The Barton Lodge History

THE BARTON LODGE, No. 6 – A Brief Summary

The first settlers in Wentworth County were almost exclusively Loyalists. Not a few were already Masons, made in military or civil lodges, principally under the jurisdiction of the Grand Lodge of New York.  A number of them settled at "The Head-of-the-Lake," in the townships of Barton and Ancaster, and became the founders of The Barton Lodge, No. 10.

The first Warrant constituting The Barton Lodge, dated Nov. 20th 1795, was derived from R. W. Bro. William Jarvis. Imperfect records of the first regular meeting of the Lodge, held January 6th, 1796, exist. Sixteen members attended, including Chief Joseph Brant. Of the second, held at Smith’s tavern, in the township of Barton, on the thirty-first day of the same month, we have full minutes. From the initial meeting held January 6th, 1796 through February 9th, 1810 The Barton Lodge, No. 10 worked with regularity and harmony. Labour ceased after February 9th, 1810 for a period of twenty-six years due to the unsettled state of the country caused by the War of 1812. During this eventful period, almost all of the members of The Barton Lodge, No. 10 played conspicuous parts and did their duty in the defence of their country.

Labour resumed on 10th day of August, 1836 after the brethren had met in committee and obtained the Warrant and Jewels from Brother Robert Land. Since that date, The Barton Lodge has met with regularity, harmony and prosperity. On 2013 May 14, The Barton Lodge, No. 6 opened lodge for its 2000th meeting, an event which was celebrated by a garden party on 2013 June 5th.

Throughout its history, The Barton Lodge, No. 6 has had a prominent and in some cases a leading role in the initiation of many new ideas and programs both within and external to the Masonic fraternity:

  • In 1855, it co-operated with St. John's and Strict Observance lodges in a combined plan to dispense Masonic charity in a systematic manner eventually resulting in “The United Masonic Benevolent Fund.”
  • The Barton initiated the practice of presenting to each candidate the copy of the Bible on which he was obligated in each of the three degrees.
  • The office of lodge archivist was first instituted in The Barton Lodge, No. 6.
  • In March, 1902, it formed a Board of General Purposes to which were "referred all applications for membership and such other matters relative to the well-being and government of the lodge as may from time to time be directed and are not already assigned to officers of the lodge or other committees." The composition and powers of the Board were more clearly defined in October, 1908. An executive was formed, to meet monthly "prior to the regular meetings, to examine all accounts before presentation to the lodge, supervise all investments, expenditures and receipts, and have special charge of the financial affairs of the lodge." The name, but not the functions, has since been changed to the Advisory Board.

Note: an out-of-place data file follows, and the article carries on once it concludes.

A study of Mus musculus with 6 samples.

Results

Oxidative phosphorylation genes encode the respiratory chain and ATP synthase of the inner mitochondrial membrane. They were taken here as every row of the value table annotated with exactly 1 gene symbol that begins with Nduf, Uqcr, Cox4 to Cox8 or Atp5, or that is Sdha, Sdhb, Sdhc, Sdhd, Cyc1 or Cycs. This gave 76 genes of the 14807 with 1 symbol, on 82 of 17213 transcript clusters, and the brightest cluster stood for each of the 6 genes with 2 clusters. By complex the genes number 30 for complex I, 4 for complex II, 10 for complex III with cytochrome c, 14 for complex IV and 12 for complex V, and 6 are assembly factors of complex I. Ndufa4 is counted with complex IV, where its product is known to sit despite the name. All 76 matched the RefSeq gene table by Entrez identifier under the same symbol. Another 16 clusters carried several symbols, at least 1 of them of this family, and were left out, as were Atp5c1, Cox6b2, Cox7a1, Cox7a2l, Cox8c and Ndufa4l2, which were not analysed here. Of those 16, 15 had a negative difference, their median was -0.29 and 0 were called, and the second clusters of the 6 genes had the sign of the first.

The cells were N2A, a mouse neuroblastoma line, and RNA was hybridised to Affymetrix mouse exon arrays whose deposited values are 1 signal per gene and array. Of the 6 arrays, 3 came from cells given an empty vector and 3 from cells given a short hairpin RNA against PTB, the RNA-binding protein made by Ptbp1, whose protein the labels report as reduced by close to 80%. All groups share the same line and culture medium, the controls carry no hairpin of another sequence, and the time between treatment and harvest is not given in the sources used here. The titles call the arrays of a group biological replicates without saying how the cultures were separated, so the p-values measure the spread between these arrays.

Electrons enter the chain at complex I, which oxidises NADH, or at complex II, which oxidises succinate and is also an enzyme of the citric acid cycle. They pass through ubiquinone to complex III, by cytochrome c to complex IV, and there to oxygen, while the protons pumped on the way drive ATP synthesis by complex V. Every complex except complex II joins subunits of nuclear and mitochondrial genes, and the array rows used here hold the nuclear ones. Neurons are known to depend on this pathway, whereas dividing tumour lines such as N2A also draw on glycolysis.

• The first steps towards forming a Masonic Bureau in Hamilton were taken by The Barton, in 1920, for the purpose of scrutinizing all applications for affiliation made to any lodge within the city; and, in 1921, through the untiring efforts of R.W. Bro. John Hoodless, a Council of Ruling Masters was formed for the purpose of scrutinizing all applications for membership in the Order. Its first president was Worshipful Brother John J. Stewart, the Master of The Barton. The Council of Ruling Masters is now The Masters' and Wardens' Association.

 In civic, no less than in Masonic affairs, members of The Barton have been prominent:

  •  Ten of our members have serviced as mayors of the city of Hamilton;
  • On the Board of Education several  members gave long and faithful service;
  • In the organization and administration of the old Board of Trade the contribution of our Lodge was quickly felt and continuous. Founded, in April, 1845, it functioned till 1920 when it was renamed  the Chamber of Commerce. Through these organizations efforts:
  • The Royal Connaught Hotel was erected;
  • McMaster University was attracted from Toronto to Hamilton;
  • Deep concern for the social welfare of the city has been sustained through such agencies as the Family Service Bureau, Council of Social Agencies, Community Fund and others.

As The Barton Lodge, No. 6 passes the halfway mark of the first quarter of its third century, The Barton continues to pay homage to its past while continuously reviewing and revising its approach to the future.